The Food and Drug Administration says it wants to streamline the process of approving digital healthcare products for consumer and industry use.
To do that the FDA says it will work with some of the best-known manufacturers of consumer goods, wearables, medical devices and pharmaceuticals to test how it can speed up regulatory approvals by pre-certifying companies that demonstrate to the FDA rigorous development processes.
To that end, the FDA announced yesterday that it will work with nine companies—Apple Inc., Fitbit Inc., Johnson & Johnson, Pear Therapeutics Inc., Phosphorus Inc., Roche Holding AG, Samsung, Tidepool and Verily Life Sciences LLC—on a pilot program for faster digital healthcare product review.
What’s different about this initiative is that rather than approving a single digital healthcare product or service at a time—a process that can take anywhere from a few months to many years depending upon the type of product—that FDA wants to work with the nine companies to “pre-certify” a company’s technology and workflow process or procedures.
For example, instead of approving each new health app or device from Apple and Fitbit or a new web-enabled medical device from Johnson & Johnson, the FDA hopes to be able to fast track approvals from companies that have met FDA standards for developing and testing new products.
“The pilot program is intended to inform a tailored approach toward digital health technology by looking at the software developer or digital health technology developer, rather than primarily at the product,” says FDA Commissioner Scott Gottlieb. “The goal of this new approach is for the FDA to, after reviewing systems for software design, validation and maintenance, determine whether the company meets quality standards and if so, to ‘precertify’ the company.”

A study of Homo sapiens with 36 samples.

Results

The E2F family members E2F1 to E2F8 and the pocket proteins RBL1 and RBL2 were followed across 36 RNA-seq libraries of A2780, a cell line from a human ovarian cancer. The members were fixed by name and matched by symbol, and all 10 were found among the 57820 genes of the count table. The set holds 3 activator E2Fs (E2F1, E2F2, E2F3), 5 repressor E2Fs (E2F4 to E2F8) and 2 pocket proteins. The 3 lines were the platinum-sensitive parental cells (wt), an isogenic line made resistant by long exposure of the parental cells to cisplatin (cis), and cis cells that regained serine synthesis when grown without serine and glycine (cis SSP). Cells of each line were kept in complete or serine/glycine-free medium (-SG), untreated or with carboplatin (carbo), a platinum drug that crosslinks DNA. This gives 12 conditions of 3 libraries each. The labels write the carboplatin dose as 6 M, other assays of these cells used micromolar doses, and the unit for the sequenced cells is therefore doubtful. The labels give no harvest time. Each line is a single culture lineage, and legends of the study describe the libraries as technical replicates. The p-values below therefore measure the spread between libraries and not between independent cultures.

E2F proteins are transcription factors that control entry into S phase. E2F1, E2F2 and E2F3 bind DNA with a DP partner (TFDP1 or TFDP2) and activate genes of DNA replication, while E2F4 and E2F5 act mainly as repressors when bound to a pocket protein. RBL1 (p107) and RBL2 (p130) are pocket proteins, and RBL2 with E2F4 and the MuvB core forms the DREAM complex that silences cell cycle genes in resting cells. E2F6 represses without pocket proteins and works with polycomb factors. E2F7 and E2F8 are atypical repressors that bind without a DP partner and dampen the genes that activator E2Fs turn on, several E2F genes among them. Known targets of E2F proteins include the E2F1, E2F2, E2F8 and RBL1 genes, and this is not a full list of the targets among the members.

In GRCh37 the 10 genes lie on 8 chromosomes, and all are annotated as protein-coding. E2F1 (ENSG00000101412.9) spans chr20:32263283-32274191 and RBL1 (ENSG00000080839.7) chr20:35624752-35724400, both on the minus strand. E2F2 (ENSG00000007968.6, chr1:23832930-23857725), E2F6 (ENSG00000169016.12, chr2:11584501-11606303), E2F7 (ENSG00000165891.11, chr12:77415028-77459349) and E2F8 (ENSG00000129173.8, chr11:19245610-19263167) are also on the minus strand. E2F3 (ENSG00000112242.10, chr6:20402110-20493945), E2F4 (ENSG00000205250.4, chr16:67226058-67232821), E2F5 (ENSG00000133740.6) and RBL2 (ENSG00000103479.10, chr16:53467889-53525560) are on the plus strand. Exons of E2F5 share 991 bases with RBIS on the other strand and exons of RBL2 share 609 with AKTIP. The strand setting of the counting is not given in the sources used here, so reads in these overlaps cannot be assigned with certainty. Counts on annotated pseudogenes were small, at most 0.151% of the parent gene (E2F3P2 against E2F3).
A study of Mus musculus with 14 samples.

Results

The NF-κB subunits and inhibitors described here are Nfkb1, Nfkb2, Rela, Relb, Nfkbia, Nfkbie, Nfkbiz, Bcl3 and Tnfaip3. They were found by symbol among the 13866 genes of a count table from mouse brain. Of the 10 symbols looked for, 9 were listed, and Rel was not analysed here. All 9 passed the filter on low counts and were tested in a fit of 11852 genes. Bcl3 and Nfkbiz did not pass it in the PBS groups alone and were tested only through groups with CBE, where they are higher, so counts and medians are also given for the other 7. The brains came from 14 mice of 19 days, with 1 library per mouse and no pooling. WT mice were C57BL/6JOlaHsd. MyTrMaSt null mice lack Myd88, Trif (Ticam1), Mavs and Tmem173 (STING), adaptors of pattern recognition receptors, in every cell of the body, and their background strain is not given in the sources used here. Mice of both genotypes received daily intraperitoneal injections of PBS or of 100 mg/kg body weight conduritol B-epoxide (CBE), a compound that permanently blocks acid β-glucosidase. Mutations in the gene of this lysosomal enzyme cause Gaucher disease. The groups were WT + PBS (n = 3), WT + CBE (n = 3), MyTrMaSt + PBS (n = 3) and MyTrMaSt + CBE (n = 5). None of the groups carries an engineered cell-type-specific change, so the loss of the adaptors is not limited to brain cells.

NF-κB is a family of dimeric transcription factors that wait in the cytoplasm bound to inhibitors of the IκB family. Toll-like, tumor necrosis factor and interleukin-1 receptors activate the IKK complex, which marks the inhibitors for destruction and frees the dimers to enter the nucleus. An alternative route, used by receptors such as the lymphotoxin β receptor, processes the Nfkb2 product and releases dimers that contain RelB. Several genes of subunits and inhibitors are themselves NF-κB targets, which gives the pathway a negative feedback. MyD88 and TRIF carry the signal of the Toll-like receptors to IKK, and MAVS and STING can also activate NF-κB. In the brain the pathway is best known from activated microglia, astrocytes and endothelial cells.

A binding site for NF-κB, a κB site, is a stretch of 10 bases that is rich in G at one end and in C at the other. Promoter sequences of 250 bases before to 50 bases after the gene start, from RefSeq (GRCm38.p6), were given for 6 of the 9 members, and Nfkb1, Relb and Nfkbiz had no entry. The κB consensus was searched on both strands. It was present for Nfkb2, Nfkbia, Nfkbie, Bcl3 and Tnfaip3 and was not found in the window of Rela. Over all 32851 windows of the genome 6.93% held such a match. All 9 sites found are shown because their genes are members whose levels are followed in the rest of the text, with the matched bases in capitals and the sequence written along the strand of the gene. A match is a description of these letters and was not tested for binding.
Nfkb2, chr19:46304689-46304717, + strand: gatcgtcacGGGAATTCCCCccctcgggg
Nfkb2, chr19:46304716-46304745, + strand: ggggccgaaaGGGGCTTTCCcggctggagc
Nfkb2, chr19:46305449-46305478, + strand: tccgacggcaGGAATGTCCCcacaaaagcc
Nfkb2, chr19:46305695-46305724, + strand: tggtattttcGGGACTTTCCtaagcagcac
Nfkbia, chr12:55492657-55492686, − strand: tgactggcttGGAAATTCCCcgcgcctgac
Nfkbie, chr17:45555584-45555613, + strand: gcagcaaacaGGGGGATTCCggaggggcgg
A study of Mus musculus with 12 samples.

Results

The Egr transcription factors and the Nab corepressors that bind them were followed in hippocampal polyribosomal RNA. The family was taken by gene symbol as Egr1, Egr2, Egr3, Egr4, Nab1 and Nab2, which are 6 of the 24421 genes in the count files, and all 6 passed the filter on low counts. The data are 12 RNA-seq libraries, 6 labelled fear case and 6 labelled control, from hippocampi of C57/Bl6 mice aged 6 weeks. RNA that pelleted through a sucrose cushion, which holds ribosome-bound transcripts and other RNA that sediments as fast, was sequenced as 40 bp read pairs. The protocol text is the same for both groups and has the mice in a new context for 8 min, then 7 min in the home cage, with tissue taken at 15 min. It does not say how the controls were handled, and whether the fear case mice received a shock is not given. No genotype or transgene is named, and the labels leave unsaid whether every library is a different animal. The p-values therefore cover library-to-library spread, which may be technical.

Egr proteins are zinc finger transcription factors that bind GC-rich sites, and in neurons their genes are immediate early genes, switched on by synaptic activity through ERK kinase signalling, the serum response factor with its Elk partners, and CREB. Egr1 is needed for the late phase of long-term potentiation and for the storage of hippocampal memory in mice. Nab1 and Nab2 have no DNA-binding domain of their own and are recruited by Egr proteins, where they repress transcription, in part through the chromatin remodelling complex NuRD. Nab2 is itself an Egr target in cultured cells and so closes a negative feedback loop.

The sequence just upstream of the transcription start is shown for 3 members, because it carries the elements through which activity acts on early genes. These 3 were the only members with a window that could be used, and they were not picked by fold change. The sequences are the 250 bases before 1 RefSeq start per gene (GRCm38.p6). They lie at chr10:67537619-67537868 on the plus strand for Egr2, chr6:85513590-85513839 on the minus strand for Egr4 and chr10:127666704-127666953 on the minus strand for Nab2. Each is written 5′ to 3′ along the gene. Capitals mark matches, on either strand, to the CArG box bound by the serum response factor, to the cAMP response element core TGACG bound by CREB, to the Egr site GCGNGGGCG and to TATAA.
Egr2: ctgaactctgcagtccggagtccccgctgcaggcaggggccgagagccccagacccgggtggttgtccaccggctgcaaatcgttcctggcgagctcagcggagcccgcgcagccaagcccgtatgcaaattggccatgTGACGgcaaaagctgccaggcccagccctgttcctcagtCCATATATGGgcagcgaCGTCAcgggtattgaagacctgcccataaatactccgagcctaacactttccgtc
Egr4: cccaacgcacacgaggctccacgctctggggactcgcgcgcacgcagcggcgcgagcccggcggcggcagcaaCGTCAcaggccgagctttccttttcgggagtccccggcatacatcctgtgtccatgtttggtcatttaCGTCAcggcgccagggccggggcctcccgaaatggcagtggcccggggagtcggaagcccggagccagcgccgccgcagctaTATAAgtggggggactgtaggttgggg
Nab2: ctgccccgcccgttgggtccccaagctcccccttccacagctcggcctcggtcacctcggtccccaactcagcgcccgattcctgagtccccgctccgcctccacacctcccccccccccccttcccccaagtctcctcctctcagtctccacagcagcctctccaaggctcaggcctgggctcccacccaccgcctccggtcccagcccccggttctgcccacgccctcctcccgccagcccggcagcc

As part of the pilot program, each of the nine companies has agreed to provide access to measures they use to develop, test and maintain their software products, including ways they collect market data. The companies also agreed to be available for site visits from FDA staff and provide information about their quality management system, the agency says.
“We need to modernize our regulatory framework so that it matches the kind of innovation we’re being asked to evaluate, and helps foster beneficial technology while ensuring that consumers have access to high-quality, safe and effective digital health devices,” Gottlieb says. “These pilot participants will help the agency shape a better and more agile approach toward digital health technology that focuses on the software developer rather than an individual product.”
After being hands off for many years, the FDA says it is now taking a much more hands-on approach to providing regulatory oversight for digital healthcare.
Until now FDA approval for new forms of digital healthcare products have been slow mainly because of older ways of regulating medical device products that weren’t suited for digital product development, the agency says. For example in the past few years more than 165,000 health and wellness apps have been developed and are now available in Google Play or and Apple App store, but since 2013 the FDA has only approved about 100 apps.
“The challenge FDA faced in the past is determining how to best regulate these non-traditional medical tools with the traditional approach to medical product review,” Gottlieb says. “FDA’s traditional approach to medical devices is not well suited to these products.”